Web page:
One of the most memorable scenes for me in Seinfeld is the nothing pitch. While an NBC executive discusses a possible show with Jerry, George pitches his idea for the show: nothing. The show would be about real life, no impactful climaxes, no intricate plot details, no obscene visual effects, just nothing. It would follow characters in their daily routines and follow in on their conversations. When George asks the NBC executive what he did today, the executive responds that he went to work. George quickly retorts, “There’s a show. That’s a show.”

French cinema and literature seem to take a tip from George’s pitch and feature stories deeply rooted in realistic situations and experiences. The French new wave did not find its success in large-scale Hollywood projects or revolutionary film techniques. What French entertainment succeeded at was displaying the elegance in the mundane, painting an image of French life, still suspended in the romanticism era.

Jeanne Dielman, 23 Commerce Quay, 1080 Brussels devoted nearly the entirety of the film to the daily chores of a widow. Now you may be wondering, who would watch that movie? Who would be able to bear the repetitiveness without any real deviation? But people do, everyday. But these people are not watching this film. They are living it. The reason we attend films is to see things happen. To see a deviation from the mundane. This film (in a bit of pessimist manner) asks us to examine ourselves, and see if we have allowed ourselves to take part in this mundane cycle. French films have been revolutionary simply in their depictions of real life. But not all of these come off as so foreboding. A Summer’s Tale and films alike exemplify the beauty in small talk, the grandeur in daily acquaintances. In the synopses of Linklater’s brilliant “before” trilogy, it is described as a Dialogue Marathon. This description is accurate but anyone who hasn’t seen the film may attach a negative connotation to this description. Marathons tend to evoke imagery of 26.2 mile long laborious treks, correlated with strenuous exercise and an overall discomfort. A Summer’s Tale never exhausts as pleasing French scenery serves as the backdrop of even more pleasing dialogue. The dialogue never dragged as it fluidly transitions back and forth between heavy and light, friendly and romantic, humorous and philosophical. This multifaceted approach is grounded enough that viewers can juxtapose it with their own issues, but also serves as nearly a framework, a guideline of what our lives could be. These films nearly become philosophy with this perspective as we can nearly study life from the comfort of our own homes.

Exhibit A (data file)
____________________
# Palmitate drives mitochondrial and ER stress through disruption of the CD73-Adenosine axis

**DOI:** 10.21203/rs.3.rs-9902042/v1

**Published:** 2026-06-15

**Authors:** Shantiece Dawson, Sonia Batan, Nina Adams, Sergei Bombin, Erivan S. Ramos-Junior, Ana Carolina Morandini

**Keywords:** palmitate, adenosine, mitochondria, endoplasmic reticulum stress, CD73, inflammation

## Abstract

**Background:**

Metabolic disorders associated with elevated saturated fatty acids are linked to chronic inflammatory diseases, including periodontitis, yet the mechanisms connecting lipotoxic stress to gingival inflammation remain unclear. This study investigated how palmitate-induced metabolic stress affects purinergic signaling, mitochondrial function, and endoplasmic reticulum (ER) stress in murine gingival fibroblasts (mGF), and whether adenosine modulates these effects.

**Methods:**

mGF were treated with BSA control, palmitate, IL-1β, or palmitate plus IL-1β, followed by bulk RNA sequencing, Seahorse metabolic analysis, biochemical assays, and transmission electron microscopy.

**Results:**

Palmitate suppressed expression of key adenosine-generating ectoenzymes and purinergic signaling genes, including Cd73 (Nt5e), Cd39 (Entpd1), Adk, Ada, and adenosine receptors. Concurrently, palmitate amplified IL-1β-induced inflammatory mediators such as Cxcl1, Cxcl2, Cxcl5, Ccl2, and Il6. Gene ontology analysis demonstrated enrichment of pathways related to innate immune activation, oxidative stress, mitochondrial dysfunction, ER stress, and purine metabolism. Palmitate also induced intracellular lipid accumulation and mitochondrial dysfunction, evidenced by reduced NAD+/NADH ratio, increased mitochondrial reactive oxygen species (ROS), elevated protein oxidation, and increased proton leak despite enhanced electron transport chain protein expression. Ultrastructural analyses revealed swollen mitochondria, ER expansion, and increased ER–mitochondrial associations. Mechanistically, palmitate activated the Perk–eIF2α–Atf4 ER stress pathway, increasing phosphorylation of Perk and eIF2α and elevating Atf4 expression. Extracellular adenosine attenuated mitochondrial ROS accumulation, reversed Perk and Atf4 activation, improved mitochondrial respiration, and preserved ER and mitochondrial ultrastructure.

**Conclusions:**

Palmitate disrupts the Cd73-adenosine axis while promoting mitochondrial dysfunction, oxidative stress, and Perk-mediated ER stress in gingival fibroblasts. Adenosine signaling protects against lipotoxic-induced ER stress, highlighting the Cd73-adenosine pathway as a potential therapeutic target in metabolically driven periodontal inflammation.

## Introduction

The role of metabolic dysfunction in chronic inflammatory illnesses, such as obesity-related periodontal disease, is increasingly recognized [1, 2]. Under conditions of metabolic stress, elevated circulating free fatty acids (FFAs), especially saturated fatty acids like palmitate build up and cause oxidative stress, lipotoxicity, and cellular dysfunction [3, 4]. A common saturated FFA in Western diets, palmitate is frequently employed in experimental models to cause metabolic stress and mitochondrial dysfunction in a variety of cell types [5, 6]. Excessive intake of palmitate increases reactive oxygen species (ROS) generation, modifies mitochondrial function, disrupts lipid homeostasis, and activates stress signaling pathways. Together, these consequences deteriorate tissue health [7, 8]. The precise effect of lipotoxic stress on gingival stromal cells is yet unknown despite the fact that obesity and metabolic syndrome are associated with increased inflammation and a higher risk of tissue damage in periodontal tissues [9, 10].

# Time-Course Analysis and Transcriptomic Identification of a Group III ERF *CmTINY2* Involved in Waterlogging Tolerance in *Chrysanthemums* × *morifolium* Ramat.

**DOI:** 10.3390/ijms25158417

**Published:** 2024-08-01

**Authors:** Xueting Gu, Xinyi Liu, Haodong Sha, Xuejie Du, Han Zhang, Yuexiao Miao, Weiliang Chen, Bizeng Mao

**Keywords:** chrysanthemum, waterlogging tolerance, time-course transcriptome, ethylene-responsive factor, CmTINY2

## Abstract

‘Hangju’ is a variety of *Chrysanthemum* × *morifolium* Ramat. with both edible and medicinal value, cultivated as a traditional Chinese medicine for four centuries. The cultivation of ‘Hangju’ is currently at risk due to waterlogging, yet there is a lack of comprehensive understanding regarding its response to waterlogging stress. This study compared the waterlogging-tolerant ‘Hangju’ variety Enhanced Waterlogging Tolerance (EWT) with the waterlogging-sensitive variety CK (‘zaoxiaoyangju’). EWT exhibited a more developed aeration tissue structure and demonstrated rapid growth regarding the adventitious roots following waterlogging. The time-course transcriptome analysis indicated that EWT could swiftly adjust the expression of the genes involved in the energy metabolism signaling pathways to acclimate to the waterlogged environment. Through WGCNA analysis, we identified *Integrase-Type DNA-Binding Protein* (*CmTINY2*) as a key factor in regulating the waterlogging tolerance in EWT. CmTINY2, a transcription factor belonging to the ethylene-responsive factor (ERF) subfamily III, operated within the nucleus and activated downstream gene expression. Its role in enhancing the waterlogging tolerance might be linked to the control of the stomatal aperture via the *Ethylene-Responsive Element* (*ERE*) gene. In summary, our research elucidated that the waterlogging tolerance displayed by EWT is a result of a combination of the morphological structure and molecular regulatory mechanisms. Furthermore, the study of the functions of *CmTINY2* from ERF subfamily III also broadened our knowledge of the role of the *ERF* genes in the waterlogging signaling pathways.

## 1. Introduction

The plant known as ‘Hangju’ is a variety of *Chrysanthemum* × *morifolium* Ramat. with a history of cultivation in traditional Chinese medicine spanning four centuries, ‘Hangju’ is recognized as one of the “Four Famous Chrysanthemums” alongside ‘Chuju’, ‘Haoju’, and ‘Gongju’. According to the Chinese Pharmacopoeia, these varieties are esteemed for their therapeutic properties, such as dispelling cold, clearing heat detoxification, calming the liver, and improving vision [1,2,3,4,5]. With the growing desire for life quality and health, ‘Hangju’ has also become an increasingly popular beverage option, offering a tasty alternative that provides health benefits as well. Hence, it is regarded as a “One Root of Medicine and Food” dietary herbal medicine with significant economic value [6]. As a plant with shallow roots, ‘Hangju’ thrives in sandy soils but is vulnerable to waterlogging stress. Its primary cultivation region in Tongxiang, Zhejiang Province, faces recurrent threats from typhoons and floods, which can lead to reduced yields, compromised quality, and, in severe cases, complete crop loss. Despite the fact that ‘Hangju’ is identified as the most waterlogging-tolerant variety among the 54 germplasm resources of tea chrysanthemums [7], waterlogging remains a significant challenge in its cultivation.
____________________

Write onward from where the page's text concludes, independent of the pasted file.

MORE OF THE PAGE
If you were to explain to me a synopsis of A Summer’s Tale, I would tell you that this wasn’t a movie, closer to a book, but even closer to just a typical week. The common techniques of story telling are absent in this film and, as a result of this, the plot does not necessarily constantly progress. There is no need to put into motion the plan to facilitate a happy ending in the story. Each event is caused from the previous actions and decisions and Deus Ex Machinas are not featured to save the day before the credits roll. This disregard for conventional schematics allows for the audience to feel simply that they are watching people live their lives. My favorite aspect of this is that the characters are in full control of their outcomes. It is their decisions, not an outside force, that will shape their futures. Despite this being a message cemented in the sphere of cinema, these are essential lessons that should be inscribed into the minds of anyone. Our choices will dictate the consequences. This simple truth is not only a negative one. Love, friendship, a sense of fulfillment, these are all tangible aspects that we need to decide if we want to achieve. These are also covered in A Summer’s Tale, a film that in some instances serves as a better study on life than life itself.